Life & Culture

Why we'll always champion fabulous fashion for the over 50s

Ten years ago former JC journalist Jan Shure spotted a gap in the fashion market, leading to fashion and style advice website, SoSensational


We’ve been talking about closing down our business for some time. But any plans we had to put our feet up are on hold for a while.

The “we” in question is me, Jan Shure, former fashion editor and holder of various senior roles on this newspaper, and my business partner, Cyndy Lessing, an entrepreneur and image consultant.

As the co-founders of, an online fashion and advice website for women over 50, we have been working flat out for the past nine years to build our site.

It started because as well as being long-time friends, we were fellow trekkers. for the charity One to One, which helps people in need in Israel. Hampstead Heath walks had become a fixture when training for treks and long after. During one such walk we came up with our business idea.

Our friends and fellow walkers, who were, like us, over 50, constantly asked us where they could find fashion as they were struggling to find anything they wanted to buy.

In 2009 it was unquestionably true that the High Street was only interested in young consumers. Nevertheless, Cyndy and I knew there was fabulous fashion available for older women. It was just a case of finding it and showcasing it. Our plan was to create a business to help our peers find fabulous fashion. And maybe we could earn some money.

We decided to create a website. Today, that may seem obvious, but in 2009/10 not so much.

When we launched we were the first to target mature women. We initially said “Fashion For Grown-Up Women” but that seemed a bit mimsy, so we stated unequivocally we offered fashion for women over 50.

The extra bit was blogs and styling advice, specifically for mature women. That was unique to us.

From 2011 onwards, the media was full of stories saying “50 is the new 30”; market research appeared saying older consumers had cash to spend and should no longer be neglected; Balmain and Armani used older models in ad campaigns. It was becoming apparent that Cyndy and I had tapped into the zeitgeist. SoSensational was taking off.

Then in March 2014 I had brain surgery that left me with major impairments. Despite the challenges, the business slowly got back on track. In 2015, we won a business competition run by The Times and Vodafone.

That was a turning point. It confirmed our belief in our concept, won us mentoring from the brilliant Sophie Cornish of Not On The High Street, and encouraged us to seek investment.


We all know about the eye-watering sums invested in start-ups, or the billions paid when businesses are sold.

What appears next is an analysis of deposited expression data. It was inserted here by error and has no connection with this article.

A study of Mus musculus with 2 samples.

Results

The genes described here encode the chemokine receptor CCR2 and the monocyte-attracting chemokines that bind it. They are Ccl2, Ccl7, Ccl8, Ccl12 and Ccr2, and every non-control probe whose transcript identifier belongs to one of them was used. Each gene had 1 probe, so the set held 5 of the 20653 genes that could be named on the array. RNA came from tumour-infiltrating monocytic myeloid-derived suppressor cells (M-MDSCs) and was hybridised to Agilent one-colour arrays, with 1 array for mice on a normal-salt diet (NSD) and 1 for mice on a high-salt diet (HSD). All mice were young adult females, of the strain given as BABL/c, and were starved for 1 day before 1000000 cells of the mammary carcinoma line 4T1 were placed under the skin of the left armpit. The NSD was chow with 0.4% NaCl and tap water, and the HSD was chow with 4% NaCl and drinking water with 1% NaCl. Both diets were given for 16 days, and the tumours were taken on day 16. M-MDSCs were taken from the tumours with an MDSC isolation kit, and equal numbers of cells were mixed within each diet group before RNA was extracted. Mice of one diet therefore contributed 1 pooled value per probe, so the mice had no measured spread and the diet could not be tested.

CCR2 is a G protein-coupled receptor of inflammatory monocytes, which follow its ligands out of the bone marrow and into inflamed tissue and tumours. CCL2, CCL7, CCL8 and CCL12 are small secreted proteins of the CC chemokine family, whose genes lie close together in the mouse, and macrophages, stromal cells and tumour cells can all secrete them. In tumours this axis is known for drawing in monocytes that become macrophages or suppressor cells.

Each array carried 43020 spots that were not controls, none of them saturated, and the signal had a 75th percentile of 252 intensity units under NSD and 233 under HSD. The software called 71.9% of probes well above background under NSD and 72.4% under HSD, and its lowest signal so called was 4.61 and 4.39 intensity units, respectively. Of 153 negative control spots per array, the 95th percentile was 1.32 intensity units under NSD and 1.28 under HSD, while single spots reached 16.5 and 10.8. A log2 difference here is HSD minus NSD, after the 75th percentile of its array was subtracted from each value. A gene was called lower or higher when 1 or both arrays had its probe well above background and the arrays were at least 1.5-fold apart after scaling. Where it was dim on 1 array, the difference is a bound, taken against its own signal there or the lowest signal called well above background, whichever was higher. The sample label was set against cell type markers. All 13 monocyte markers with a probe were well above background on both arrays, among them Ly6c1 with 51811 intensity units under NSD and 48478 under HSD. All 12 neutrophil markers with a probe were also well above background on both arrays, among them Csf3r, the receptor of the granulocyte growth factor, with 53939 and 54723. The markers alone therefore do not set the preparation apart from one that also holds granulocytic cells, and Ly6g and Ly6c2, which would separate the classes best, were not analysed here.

Sadly that’s not the reality for most businesses. In the UK, six out of 10 start-ups fail after five years. In the US over 50 percent fail after five years and over 70 percent after 10 years.

While we knew we were not in the same league as, say, Spotify or Shazam we also knew we had a great concept, so we met potential investors.

We quickly realised there were three snags, Cyndy and I being two of them. Potential investors were mostly in their 20s or early 30s. They looked at us, both needing specs, me with a walking stick, and our credibility oozed away.

If that’s ageist, forgive me but it’s no fun to be judged by how many years you’ve been on this earth rather than on abilities.

Snag three: they couldn’t understand our business model. We didn’t make clothes. We weren’t a retailer. Oh yes, and we weren’t “disruptive.” (Products or services that change how we do things, such as Uber and Spotify are ‘disruptive’ and the alpha and omega of modern business.)

We were none of those things, so potential investors didn’t “get” us.

They were polite and invariably offered suggestions for improving our business model. Cyndy and I might have questioned what we were doing and how we were doing it if the advice had been consistent. But, of course, it never was.

We knew stylish older women loved SoSensational. They instantly “got” our business model; understood they could find fashion chosen for them, all in one place without having to search dozens of websites or trawl the High Street.

But it was becoming burdensome to carry on carrying on without investment. In August, Cyndy and I told the thousands who receive our newsletter that we were retiring and unless someone bought SoSensational it would close.

Our announcement unleashed a tidal-wave of enthusiasm, which really touched us. It also led to some serious offers.

One of those was from Steven Bryant, managing director of ThoughtMix, a leading player in the digital world. He “gets” our business model (and our potential). Through a new subsidiary, TMG Media Limited, ThoughtMix will nurture SoSensational and invest in it to let more women of 50-plus know about it. Alongside technological enhancements, he plans more brands, new categories and a shopping app. All the stuff we’ve been wanting to add!

Of course, you’d like to know how much he paid but it’s a private sale, bound by strict confidentiality so I can’t say. What I can say is that neither of us will be buying a yacht.

The reason why we’re postponing feet-up time is because the TMG team are retaining our expertise and the passion for fashion for over-50s that motivated Cyndy and I to create the site.

We will be involved in the blogs, the photo-shoots, the videos, the Facebook Live sessions, in other words, the creative, fun side of SoSensational that we love so much.

We’re really excited but it means we’re not going to be Ladies Who Lunch just yet.